At least six children were killed in mortar attacks Thursday not far from a building where a long-awaited peace conference opened in the Somali capital, the mayor said.
The children died as they played soccer a few hundred yards from the conference, said Mayor Mohamed Dheere, adding that three others were wounded.
"Terrorists were behind these mortar attacks. They wanted to undermine the peace process and they missed their target and killed children," Dheere said.
The conference had opened briefly Sunday, but was postponed after eight mortar rounds landed near the venue. The meeting has been delayed several times due to violence and infighting.
In the latest shelling, residents near the conference in a northern part of the Somali capital heard five mortar explosions, said police Col. Abdi Shino, who added that none hit the venue.
The reconciliation conference began hours after a short gunbattle killed at least two people.
More than 1,200 delegates were tackling issues that have stoked Somalia's 16-year conflict, such as clan arguments, looted property, a new constitution and general elections by 2009, said Ali Mahdi Mohamed, the organizing committee's chairman.
Prime Minister Ali Mohamed Gedi said the Mogadishu conference was "historic," despite opposition.
Abdirahman Mohamud Shift, a conference spokesman, said organizers hoped the talks would last a month. He said the talks would resume Saturday.
The reconciliation conference was a key requirement of the transitional charter that led to the government's 2004 formation.
Only junior representatives of the Hawiye, a major clan, attended the opening. Hawiye elders have been key critics of the conference, questioning its independence of government interference.
Late Wednesday, a battle between government soldiers and suspected insurgents broke out near Mogadishu's Bakaara Market.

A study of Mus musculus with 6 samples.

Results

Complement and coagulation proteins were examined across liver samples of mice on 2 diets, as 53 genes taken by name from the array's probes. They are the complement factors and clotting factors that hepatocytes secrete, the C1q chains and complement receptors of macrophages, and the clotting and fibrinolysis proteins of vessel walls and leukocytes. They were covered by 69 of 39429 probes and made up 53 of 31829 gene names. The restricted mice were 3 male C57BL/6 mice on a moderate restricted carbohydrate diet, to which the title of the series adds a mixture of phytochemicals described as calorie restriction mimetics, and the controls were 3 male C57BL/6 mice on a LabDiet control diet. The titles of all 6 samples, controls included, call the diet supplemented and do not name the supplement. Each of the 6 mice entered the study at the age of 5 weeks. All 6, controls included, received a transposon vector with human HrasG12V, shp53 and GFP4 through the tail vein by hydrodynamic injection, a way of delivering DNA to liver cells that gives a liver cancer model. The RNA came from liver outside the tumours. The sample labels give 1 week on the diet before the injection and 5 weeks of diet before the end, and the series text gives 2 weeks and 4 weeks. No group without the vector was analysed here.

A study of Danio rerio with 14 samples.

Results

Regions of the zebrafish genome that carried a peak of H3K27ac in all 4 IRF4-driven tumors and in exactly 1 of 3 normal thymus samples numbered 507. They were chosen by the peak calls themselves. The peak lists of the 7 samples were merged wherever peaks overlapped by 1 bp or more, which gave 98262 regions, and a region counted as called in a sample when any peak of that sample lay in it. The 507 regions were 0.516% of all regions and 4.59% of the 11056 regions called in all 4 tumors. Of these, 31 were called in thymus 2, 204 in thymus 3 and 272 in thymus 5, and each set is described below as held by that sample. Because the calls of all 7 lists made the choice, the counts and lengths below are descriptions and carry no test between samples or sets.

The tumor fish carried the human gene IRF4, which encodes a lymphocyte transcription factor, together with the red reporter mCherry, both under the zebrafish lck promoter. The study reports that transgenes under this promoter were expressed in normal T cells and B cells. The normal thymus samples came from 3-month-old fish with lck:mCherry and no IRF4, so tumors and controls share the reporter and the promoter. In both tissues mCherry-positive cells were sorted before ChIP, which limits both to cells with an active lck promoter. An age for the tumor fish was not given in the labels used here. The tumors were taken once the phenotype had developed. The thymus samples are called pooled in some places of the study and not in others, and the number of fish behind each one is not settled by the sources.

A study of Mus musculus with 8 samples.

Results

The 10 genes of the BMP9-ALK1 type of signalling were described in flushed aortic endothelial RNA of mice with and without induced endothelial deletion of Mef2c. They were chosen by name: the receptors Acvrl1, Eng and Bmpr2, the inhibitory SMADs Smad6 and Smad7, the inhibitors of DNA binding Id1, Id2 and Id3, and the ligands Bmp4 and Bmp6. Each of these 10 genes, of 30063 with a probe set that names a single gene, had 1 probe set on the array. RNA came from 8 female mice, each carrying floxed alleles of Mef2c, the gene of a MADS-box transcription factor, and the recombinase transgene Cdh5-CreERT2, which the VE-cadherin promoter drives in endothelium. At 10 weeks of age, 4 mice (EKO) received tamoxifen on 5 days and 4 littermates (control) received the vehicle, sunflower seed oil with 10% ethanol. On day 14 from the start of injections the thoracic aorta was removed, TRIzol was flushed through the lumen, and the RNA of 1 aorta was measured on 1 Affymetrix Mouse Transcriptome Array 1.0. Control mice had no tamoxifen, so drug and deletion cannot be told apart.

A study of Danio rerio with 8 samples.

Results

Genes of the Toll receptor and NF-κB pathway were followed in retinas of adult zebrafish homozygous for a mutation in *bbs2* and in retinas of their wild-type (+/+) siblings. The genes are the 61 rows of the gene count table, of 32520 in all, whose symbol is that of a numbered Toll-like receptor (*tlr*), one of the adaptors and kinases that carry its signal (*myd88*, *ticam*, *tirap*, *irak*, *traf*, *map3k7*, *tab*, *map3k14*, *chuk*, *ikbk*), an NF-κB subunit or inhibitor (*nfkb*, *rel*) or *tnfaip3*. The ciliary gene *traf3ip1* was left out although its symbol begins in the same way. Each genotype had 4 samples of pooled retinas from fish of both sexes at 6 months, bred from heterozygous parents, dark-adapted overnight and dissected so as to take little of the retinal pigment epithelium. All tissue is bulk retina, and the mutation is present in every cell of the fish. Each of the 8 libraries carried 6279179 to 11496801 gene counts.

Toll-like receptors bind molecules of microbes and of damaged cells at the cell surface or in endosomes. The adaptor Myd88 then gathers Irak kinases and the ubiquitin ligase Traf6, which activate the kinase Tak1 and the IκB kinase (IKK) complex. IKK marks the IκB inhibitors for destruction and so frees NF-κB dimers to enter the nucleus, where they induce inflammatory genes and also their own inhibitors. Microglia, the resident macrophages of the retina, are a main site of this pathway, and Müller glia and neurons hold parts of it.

"It was the worst gunbattle I have ever heard. They used all sorts of weapons, heavy machine guns and rocket-propelled grenades," said Mohamud Ibrahim, who watched from a hotel's rooftop.
A government soldier and a civilian were killed, police said.
Death threats over conference
Over the weekend, Islamic militants threatened to disrupt the gathering, saying anyone who takes part "is sentenced to death." The threat came from the Shabab, the militant wing of an Islamic group that ruled much of southern Somalia for six months last year. The group was driven from its strongholds in December, but vowed to launch an Iraq-style insurgency until Somalia is ruled by an Islamic theocracy.
Mogadishu has seen little peace since government troops backed by Ethiopian forces drove Islamic hard-liners out. Bombs, attacks on government installations, assassination attempts and gunbattles are common, with civilians caught in the crossfire.
The government said the Shabab's threats would not disrupt the conference. Somali and Ethiopian troops patrolled the streets and dozens of checkpoints were set up along roads.
Somalia has been mired in chaos since 1991, when warlords overthrew dictator Mohamed Siad Barre and then turned against one another. The United Nations-backed government has struggled to assert control since it formed in 2004.
Uganda has about 1,700 troops in Somalia, as the vanguard of an African Union peacekeeping force, though so far no other countries have sent reinforcements. On Wednesday, the AU voted to extend its mission for another six months until January 2008.